Feeds

Mobile devices hit the stage, execs at IDF

'Oh shit' shouts VP

Reducing security risks from open source software

IDF Intel wheeled out a slew of partners who have bought into its mobile internet device vision today, and announced that it has turned out first silicon of the next generation of the platform.

But the presentation was almost over before it began, when a Panasonic rep decided the best way to demonstrate its CFU1 ruggedised ultramobile was to hurl it at Intel’s unsuspecting ultra mobility boss Anand Chandrasekher. The MID and Chandrasekher both survived, but not before he became the first Intel veep to shout “oh shit” on stage at IDF.

Chandrasekher quickly recovered his composure to reiterate the vendor’s vision of the internet in your pocket and to announce that Intel had turned out first silicon of Moorestown, the next iteration of the Atom ultramobile platform, which is due late next year, or early 2010.

He said that this generation would bring the idle power down by ten times. Which as well as giving longer battery life means the internet in your pocket isn’t going to have you screaming “oh shit” as it incinerates your privates.

The platform features two main components, Lincroft, an SoC, and Langwell, which handles I/O, both of which are the size of a one cent coin. The whole system board would be about the size of a credit card, he said.

This would certainly help put the internet in your pocket. Many of the first generation devices on display at the show could only be described as pocket-able if you’re part Kangaroo.

Chandrasekher also played up Intel’s theme of the week, visual computing, demonstrating graphics heavy games such as World of Warcraft running on Atom-based MIDS, as well as demonstrating a Compal device running HD video.

As well as the obligatory high def video, the demos featured plenty of location aware devices which you can control with your thumbs, and which will tell you where your friends are, and where they like to eat, which is handy if they lose their ability to communicate with you. ®

Securing Web Applications Made Simple and Scalable

More from The Register

next story
Child diagnosed as allergic to iPad
Apple's fondleslab is the tablet dermatitis sufferers won't want to take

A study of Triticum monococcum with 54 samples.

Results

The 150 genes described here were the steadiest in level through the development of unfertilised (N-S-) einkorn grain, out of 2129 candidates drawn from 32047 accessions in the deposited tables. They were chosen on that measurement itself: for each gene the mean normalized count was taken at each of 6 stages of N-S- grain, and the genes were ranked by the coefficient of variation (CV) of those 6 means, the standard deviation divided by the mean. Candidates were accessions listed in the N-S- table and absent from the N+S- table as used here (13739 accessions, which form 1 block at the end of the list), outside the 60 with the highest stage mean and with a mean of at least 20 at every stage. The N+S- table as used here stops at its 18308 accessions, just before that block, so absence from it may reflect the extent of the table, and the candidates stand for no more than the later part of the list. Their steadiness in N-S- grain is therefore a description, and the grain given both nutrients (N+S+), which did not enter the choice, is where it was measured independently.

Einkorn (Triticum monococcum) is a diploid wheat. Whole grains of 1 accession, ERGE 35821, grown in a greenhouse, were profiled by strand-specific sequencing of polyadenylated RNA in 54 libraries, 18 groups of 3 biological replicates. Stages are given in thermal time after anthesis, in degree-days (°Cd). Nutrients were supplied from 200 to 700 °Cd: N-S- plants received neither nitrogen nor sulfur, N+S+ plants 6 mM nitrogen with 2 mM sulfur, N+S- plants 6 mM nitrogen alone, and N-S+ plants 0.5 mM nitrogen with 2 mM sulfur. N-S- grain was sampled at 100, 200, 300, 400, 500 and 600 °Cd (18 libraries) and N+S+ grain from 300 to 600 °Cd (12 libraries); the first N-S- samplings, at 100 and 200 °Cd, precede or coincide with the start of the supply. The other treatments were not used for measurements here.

Microsoft takes on Chromebook with low-cost Windows laptops
Redmond's chief salesman: We're taking 'hard' decisions
For Lenovo US, 8-inch Windows tablets are DEAD – long live 8-inch Windows tablets
Reports it's killing off smaller slabs are greatly exaggerated
Seventh-gen SPARC silicon will accelerate Oracle databases
Uncle Larry's mutually-optimised stack to become clearer in August
EU dons gloves, pokes Google's deals with Android mobe makers
El Reg cops a squint at investigatory letters
Big Blue Apple: IBM to sell iPads, iPhones to enterprises
iOS/2 gear loaded with apps for big biz ... uh oh BlackBerry
prev story

Whitepapers

Reducing security risks from open source software
Follow a few strategies and your organization can gain the full benefits of open source and the cloud without compromising the security of your applications.
Consolidation: The Foundation for IT Business Transformation
In this whitepaper learn how effective consolidation of IT and business resources can enable multiple, meaningful business benefits.
Application security programs and practises
Follow a few strategies and your organization can gain the full benefits of open source and the cloud without compromising the security of your applications.
Boost IT visibility and business value
How building a great service catalog relieves pressure points and demonstrates the value of IT service management.
Consolidation: the foundation for IT and business transformation
In this whitepaper learn how effective consolidation of IT and business resources can enable multiple, meaningful business benefits.